Has your Baofeng UV-B5 (or UV-B6) been dropped and now the battery won't lock into place? Are the tiny metal pins holding it in position broken off? Worry not, here's a drop-in replacement part that will do the job and make sure your radio retains it battery, at least for some time.
Warning: print multiple of these and familiarize yourself with taking the radio apart and swapping them, because a part this tiny won't be very robust when printed in any common material. Ideally you want a metal spare here, but they are kinda hard to find, so this will do instead.
To replace the broken part, take the radio apart as follows:
- Unscrew the antenna
- Remove the battery
- Pull off the channel and volume knobs (just pull up, they are not fixed in place with anything)
- Use a flat-head screwdriver or another small tool to unscrew the securing nuts on both knobs
- Remove the two screws below the battery
- Lift and pull out the metal body inside the case. It remains connected to the second PCB and the speaker inside the case, leave those connections as they are and just rotate the lifted part out of the way to get to the broken latch.
- Now use a flat-head screwdriver or a fingernail to pull on the middle part of the plastic wall separating the latch from the inside of the radio, towards the inside. This should allow to lift the broken latch out, leaving both springs in place.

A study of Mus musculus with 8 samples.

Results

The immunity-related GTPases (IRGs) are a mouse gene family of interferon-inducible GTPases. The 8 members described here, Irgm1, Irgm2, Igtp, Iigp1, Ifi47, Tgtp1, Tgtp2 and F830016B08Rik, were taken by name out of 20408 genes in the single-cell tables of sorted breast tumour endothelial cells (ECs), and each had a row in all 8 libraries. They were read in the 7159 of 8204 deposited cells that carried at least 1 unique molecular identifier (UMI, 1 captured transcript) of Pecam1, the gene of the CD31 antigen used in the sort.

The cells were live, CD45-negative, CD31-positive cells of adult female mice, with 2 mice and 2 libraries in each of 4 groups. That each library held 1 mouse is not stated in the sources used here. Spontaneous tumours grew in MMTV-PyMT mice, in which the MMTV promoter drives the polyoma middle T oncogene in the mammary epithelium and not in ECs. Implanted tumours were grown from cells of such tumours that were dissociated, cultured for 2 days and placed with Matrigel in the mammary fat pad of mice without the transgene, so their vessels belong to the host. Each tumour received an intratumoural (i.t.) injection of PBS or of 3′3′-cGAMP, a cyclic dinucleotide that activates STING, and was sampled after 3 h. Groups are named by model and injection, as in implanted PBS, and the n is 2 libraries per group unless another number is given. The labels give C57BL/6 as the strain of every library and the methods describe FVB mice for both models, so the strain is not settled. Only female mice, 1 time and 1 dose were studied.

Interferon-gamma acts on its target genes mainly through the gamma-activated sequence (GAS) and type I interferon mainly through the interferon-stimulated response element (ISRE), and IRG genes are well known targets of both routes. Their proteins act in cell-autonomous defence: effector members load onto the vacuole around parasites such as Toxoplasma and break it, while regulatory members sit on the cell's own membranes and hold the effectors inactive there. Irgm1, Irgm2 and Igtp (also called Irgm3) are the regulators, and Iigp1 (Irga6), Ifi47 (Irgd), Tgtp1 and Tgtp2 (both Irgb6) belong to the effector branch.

Take the printed spare, thoroughly remove any support material and insert it in place of the broken latch. Make sure it moves freely up and down, file off some material thickness if necessary. Also ensure the latch ends can freely insert into the recesses in the bottom of the battery, again, file off some material if they have resistance - there needs to be complete freedom of movement there, otherwise the battery will be hard to install and remove, and the printed part will break quickly.
After ensuring the replacement part fits and moves properly, re-assemble the radio in reverse order of disassembly. Install the battery as usual.
- PETG, PLA, ABS
Use high-resolution layers (0.1mm) and 100% infill for maximum strength you can get out of this tiny part.
I printed my spares in PETG, but any rigid material should work here. PLA might work, but will probably deform over time, especially if the radio is left in the heat a lot. As for any mechanical parts, ABS is probably ideal, but can be hard to print well.